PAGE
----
Opinion | Healthcare

Are we paying COVID-19 vaccine trial participants enough?

The views expressed by contributors are their own and not the view of The Hill

"I'm going to review the risks now. This is an experimental vaccine that hasn't been evaluated in humans before. It's been tested in animals and didn't show any serious side effects," the nurse said. I was a second-year medical student enrolling in a Phase 1 HIV vaccine trial, which would evaluate the vaccine's safety before it could progress to Phase 2 efficacy trials.

Like many healthy Phase 1 trial participants, I had several motivations for joining. Even if the vaccine worked, there was little chance it would benefit me since I was at low risk of contracting HIV, but I wanted to help save lives. I also felt it would be hypocritical for me to later prescribe medicines developed through clinical trials without participating in myself. But I was also broke, already more than $100,000 in debt and not even halfway through medical school.

During study visits, I'd need to give ten or so vials of blood, and I'd also be inconvenienced by having to skip class to attend them. There would be long questionnaires to fill out and study personnel would be contacting me for years to follow up. But I'd also receive $800, which seemed like a lot at the time. In retrospect, given the risks of serious bodily harm, I believe those payments should have been much higher.

With COVID-19 vaccine trials underway worldwide, the world anxiously waits to see if a vaccine candidate will be safe and effective. Some studies are being conducted in middle and lower-income countries, like South Africa and Brazil, exciting. Developing countries have long been left out of pharmaceutical research, though their populations sometimes benefit the most from investigational drugs and vaccines. Vaccines can also be more effective in some populations than others, so waiting until one is approved in the developed world before testing it at home is a gamble for developing countries.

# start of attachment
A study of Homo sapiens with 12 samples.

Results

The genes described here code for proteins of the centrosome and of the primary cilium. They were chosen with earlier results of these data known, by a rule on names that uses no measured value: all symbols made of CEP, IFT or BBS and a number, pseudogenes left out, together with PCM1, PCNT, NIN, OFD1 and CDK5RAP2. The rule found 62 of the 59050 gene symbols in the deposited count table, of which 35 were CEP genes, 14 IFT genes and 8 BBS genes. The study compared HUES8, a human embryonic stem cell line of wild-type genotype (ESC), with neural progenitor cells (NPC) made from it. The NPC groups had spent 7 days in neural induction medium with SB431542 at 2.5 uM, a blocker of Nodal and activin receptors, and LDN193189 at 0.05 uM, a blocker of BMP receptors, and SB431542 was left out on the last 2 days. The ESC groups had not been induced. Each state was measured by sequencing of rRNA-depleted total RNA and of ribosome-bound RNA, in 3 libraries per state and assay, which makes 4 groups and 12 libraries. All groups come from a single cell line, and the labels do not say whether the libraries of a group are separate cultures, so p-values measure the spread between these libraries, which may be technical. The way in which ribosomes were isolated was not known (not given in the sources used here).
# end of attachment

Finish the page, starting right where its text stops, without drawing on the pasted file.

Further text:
These countries must be cautious, though. Various ethical concerns have been raised about previous trials in the developing world, including inadequate informed consent, insufficient reporting of serious adverse events, and no restitution for participants seriously harmed or killed. Additionally, when treatment works, developing countries often don't gain anything from it due to prohibitive pricing.

There's also the sticky issue of participant compensation in the developing world to contend with. Compensation in human subjects research has been a challenge ever since clinical trials began, with some arguing we shouldn't provide it at all. There's a fine line between ethically compensating participants for their time and efforts versus coercing their enrollment via the allure of financial gain. Overcompensation can be a serious problem, with some individuals even making careers out of trial participation. But low compensation can leave the poor bearing more of the burden of advancing medicine. However, tunnel vision focused on preventing financial coercion can also lead to exploitation since researchers aren't accounting for the serious risks participants are taking, which can sometimes include death. Such issues came into widespread awareness recently, when AstraZeneca temporarily halted a COVID-19 vaccine trial after a participant developed transverse myelitis, a serious neurological condition.

In current US COVID-19 vaccine trials, participants are paid as little as $500. Compensation rates in developing countries are much more difficult to locate, though it can be safely assumed they're significantly lower. In the developing world, where people often live on around a dollar a day, small amounts of cash can drastically influence decision-making. But ethicists from those countries have argued they deserve the same compensation as participants in developed countries, which I believe to be a valid point.

Soon after my clinical trial experience, I worked on a tuberculosis study in Malawi. We weren't putting anything into participants' bodies, and they were already coming to our clinic for tuberculosis testing on their own accord. However, many of them walked several hours - sometimes even days - to reach us, often with children on their backs, HIV in their veins and tuberculosis in their lungs. If they agreed to join our study, not only were they providing important data to us, but we would also be inconveniencing them by keeping them longer to collect blood and sputum samples and delaying their journey home. Afterward, all we gave them was a piece of bread and a Fanta.

As a physician, I now know how dangerous side effects from treatments can be and better understand clinical trial dangers. With ever-increasing efforts to speed up COVID-19 vaccine development, there are severe risks for trial participants,  some of which may not be discovered until after trials are complete. And while participants could benefit if a vaccine works, most vaccine candidates will fail.

We need to ensure that we're ethically paying COVID-19 vaccine trial participants for their sacrifices. With companies behind vaccine candidates standing to make billions if one is successful, shouldn't the heroes tested on have something to show for putting their lives on the line? Humanity owes these people its gratitude, but it also owes them adequate pay for their bravery, no matter where they live.

Brian Barnett is a psychiatrist and assistant professor of Medicine at the Case Western Reserve University School of Medicine.